Steven Stryer Ph.D.

Steven Stryer, D.Phil.

Associate Professor, English

Phone: (972) 721-4080


Office: Braniff Graduate Building #316

Steven Stryer received his D. Phil. from the University of Oxford.  His research interests include the intersections among political ideology, historical thought, and literary style in the eighteenth century. 


  • A.B., Harvard University
  • D. Phil., University of Oxford 



  • Literary Tradition I, II, IV
  • Early Modern Literature
  • Romantic Tradition
  • Pope, Swift, and Their Circle
  • The Age of Johnson
  • Satire: Classical and Modern
  • The French Revolution in the European Imagination
  • Augustan Literature

The intersections among political ideology, historical thought, and literary style in the eighteenth century attitudes to and uses of the past in the seventeenth and eighteenth centuries, the rhetoric of eighteenth-century political opposition, the pre-Romantics and the transition to Romanticism, literary Jacobitism.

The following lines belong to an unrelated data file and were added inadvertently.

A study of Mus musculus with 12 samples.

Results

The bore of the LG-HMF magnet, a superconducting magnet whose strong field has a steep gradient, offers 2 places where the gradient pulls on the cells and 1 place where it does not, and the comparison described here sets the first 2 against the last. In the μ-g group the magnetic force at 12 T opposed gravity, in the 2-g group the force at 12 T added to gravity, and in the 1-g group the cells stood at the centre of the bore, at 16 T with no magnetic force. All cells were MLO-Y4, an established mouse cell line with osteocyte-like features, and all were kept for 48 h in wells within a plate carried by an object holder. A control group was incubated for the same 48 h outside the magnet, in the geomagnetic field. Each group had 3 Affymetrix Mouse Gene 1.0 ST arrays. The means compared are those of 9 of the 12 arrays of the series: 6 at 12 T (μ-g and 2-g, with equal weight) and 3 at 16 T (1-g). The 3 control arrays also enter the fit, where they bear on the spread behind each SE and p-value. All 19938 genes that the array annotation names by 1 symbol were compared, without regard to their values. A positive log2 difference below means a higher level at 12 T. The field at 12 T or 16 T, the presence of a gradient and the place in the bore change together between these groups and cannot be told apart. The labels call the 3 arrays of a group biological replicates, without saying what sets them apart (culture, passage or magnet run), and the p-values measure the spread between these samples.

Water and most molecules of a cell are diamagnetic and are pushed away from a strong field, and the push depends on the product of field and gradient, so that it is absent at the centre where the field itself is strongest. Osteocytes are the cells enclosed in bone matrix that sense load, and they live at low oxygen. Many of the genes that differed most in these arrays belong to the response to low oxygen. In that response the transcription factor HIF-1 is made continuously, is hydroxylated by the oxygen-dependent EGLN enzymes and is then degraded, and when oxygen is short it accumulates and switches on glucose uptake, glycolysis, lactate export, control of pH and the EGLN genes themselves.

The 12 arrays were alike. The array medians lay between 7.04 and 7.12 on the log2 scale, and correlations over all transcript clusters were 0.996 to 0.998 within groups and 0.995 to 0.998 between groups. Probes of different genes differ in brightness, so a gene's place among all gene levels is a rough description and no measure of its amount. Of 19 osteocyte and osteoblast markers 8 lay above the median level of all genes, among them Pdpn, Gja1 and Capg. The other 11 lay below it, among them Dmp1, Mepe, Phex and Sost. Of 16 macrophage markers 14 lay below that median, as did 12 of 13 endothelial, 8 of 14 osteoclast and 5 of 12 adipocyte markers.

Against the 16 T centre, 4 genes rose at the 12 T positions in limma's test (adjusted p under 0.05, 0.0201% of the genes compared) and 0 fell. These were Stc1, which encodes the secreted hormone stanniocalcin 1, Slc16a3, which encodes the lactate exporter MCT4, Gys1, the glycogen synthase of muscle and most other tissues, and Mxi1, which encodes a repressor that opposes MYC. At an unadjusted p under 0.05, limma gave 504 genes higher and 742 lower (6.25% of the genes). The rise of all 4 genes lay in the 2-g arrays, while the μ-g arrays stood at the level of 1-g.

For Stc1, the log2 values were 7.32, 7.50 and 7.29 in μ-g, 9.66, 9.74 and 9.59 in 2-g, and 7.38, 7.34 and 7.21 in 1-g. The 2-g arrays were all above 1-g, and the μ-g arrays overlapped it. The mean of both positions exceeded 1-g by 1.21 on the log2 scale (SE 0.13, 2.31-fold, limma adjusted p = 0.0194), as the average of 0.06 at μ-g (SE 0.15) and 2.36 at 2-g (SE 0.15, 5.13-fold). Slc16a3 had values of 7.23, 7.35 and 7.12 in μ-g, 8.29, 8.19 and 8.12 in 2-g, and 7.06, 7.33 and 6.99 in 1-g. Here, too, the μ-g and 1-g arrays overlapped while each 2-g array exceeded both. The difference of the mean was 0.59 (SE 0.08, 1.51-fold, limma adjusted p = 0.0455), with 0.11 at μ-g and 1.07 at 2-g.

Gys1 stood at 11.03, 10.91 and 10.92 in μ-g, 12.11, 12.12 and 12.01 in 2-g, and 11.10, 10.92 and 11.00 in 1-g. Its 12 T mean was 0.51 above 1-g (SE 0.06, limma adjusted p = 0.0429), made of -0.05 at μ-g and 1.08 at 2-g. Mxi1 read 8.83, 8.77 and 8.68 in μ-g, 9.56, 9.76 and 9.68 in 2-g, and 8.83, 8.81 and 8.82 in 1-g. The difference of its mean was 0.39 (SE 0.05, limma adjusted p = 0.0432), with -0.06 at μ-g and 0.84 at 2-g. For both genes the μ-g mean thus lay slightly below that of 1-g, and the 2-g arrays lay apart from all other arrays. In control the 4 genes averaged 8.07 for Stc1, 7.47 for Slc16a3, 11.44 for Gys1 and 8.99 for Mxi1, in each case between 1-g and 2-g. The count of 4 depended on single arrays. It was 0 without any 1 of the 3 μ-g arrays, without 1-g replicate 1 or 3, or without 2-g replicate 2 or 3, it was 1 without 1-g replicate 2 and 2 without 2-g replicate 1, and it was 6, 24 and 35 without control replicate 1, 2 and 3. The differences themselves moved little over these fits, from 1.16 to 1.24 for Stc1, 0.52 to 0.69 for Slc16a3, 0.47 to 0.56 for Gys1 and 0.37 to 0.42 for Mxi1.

"The Style of Discontinuity: Prose Patterning and Historical Change in Paul de Rapin de Thoyras and Thomas Salmon."  Clio:  A Journal of Literature, History, and the Philosophy of History 42: 2 (2013): 137-60.

"Burke's Vehemence and the Rhetoric of Historical Exaggeration."  Rhetorica:  A Journal of the History of Rhetoric 30: 2 (2012): 176-98.

"Allegiance, Sympathy, and History: The Catholic Loyalties of Alexander Pope."  Religion in the Age of Enlightenment 2 (2010): 103-29.

" 'A loftier tone': 'Laodamia,' The Aeneid, and Wordsworth's Vergilian Imagination." Forthcoming in Studies in Philology.

"The Trouble with Nostalgia."  Essays in Criticism 58: 3 (2008): 273-80.

"Imagining War."  Essays in Criticism 55: 2 (2005): 178-84.

Works in progress

"A Covert Narrative of British History: Pope's An Essay on Man, Epistle III."

A book manuscript based on my doctoral dissertation, The Past/Present Topos in Eighteenth-Century English Literature:  A Pattern of Historical Thought and its Stylistic Implications in Historiography, Poetry, and Polemic (2007).